How teachers support children’s learning through culturally and linguistically responsive pedagogy in two early childhood education centres. (2020)
Type of ContentTheses / Dissertations
Degree NameMaster of Education
PublisherUniversity of Canterbury
AuthorsShareef, Shabanashow all
This research explored how early childhood teachers in Aotearoa New Zealand were supporting children’s learning through culturally and linguistically responsive pedagogy. Culturally and linguistically responsive pedagogy has become a best practice approach for supporting culturally and linguistically diverse children in Aotearoa New Zealand and other countries. This approach engages children through a meaningful early childhood curriculum, such as Aotearoa New Zealand’s Te Whāriki (Ministry of Education, 2017c), where teaching relates to and reflects children’s diverse communities.
This study used a qualitative research approach. Six early childhood teachers from two early childhood education centres in Christchurch were interviewed and visual presentations such as posters, bicultural and multicultural artefacts and resources on display at the centres were photographed. The interview transcripts and visual recordings were analysed to explore (1) how the teachers were making sense of culturally and linguistically responsive teaching; and (2) how they were implementing the bicultural teaching philosophy of and practices included in Te Whāriki.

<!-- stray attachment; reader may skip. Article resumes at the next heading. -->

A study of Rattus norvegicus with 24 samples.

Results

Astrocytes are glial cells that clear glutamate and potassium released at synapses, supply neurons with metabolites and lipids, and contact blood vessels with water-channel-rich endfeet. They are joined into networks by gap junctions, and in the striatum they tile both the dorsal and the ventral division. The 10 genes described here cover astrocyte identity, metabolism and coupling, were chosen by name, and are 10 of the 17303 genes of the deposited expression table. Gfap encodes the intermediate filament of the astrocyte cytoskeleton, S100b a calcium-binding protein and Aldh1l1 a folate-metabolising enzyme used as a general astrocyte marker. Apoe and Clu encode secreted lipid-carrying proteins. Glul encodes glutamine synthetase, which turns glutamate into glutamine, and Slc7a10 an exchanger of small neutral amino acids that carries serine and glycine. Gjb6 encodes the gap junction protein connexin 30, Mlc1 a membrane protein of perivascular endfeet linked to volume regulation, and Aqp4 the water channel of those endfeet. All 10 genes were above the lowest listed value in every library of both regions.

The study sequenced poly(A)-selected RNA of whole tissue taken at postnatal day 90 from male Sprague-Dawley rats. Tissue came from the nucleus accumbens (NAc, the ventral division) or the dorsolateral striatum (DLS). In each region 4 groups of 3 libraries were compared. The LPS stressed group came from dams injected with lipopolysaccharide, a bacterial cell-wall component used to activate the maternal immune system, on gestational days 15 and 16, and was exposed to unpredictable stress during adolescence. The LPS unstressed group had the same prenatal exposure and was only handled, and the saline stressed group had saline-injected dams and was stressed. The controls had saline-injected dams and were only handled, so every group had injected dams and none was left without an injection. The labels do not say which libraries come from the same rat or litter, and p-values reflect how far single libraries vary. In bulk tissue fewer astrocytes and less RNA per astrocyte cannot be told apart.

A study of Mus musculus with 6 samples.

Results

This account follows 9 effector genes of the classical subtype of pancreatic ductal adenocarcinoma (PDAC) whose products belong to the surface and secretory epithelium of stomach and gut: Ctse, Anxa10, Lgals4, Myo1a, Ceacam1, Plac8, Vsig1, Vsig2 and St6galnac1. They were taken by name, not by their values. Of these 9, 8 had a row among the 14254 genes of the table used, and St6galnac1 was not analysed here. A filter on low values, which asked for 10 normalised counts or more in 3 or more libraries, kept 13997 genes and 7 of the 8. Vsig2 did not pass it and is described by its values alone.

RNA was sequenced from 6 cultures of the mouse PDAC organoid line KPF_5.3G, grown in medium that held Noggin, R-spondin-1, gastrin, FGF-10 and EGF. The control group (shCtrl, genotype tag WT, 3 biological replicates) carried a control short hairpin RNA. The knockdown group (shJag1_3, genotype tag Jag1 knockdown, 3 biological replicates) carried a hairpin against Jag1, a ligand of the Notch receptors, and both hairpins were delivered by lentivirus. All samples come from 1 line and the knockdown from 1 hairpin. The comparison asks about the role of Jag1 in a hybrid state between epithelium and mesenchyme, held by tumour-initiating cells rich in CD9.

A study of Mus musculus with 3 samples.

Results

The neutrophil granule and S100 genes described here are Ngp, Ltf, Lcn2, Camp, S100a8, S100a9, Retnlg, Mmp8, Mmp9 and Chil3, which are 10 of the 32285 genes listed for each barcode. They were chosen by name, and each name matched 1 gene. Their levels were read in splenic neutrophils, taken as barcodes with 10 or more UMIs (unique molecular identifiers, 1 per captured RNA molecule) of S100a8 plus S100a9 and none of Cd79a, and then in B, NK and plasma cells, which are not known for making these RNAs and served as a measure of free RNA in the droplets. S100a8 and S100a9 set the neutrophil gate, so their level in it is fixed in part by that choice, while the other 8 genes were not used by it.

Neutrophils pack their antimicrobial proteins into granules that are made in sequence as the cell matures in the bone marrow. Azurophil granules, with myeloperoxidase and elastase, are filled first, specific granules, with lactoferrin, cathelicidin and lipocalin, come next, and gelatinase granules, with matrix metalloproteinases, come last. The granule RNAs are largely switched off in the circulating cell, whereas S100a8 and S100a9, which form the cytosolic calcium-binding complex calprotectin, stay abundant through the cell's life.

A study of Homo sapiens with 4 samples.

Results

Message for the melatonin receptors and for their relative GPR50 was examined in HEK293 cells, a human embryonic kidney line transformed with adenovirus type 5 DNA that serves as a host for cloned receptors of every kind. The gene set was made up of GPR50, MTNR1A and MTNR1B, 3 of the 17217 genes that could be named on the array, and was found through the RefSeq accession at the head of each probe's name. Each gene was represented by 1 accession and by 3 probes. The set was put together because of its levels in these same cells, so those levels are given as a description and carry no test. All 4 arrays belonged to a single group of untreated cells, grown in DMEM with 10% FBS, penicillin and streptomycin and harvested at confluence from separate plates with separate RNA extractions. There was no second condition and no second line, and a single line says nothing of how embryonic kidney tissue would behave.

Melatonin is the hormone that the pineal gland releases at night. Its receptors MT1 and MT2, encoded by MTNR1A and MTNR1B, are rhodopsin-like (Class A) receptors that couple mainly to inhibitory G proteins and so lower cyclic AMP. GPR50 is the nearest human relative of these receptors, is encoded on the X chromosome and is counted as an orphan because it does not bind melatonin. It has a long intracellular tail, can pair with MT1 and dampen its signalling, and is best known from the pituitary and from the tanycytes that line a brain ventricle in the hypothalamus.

Two main themes—relationships and biculturalism—emerged from the data collected for this research. The data shows that, at the centre of their culturally and linguistically responsive teaching, the kaiako were endeavouring to establish strong, authentic relationships (ngā hononga) with tamariki, whānau and their respective communities. The teachers were taking time to build these relationships by being respectful of tamariki, whānau and communities while simultaneously trying to align their teaching philosophy and practices in accordance with the obligations of Te Whāriki towards the three core principles of Te Tiriti o Waitangi—protection, participation and partnership. Essentially, the teachers were working to bring tikanga principles and te ao Māori into their teaching practice. The data also showed that fully achieving the aspirations of biculturalism in ECE settings remains compromised by the fact that the teachers were finding it challenging to communicate in te reo Māori in spite of their good intentions. A main conclusion from the thesis research is that more needs to be done to provide ECE teachers with ongoing professional development so that they gain deeper understanding of their obligation under Te Tiriti o Waitangi to fully practise bicultural early childhood education. Appropriate professional development will place kaiako in a better position to apply tikanga and kaupapa Māori principles in their practice and thus provide meaningful bicultural early childhood education.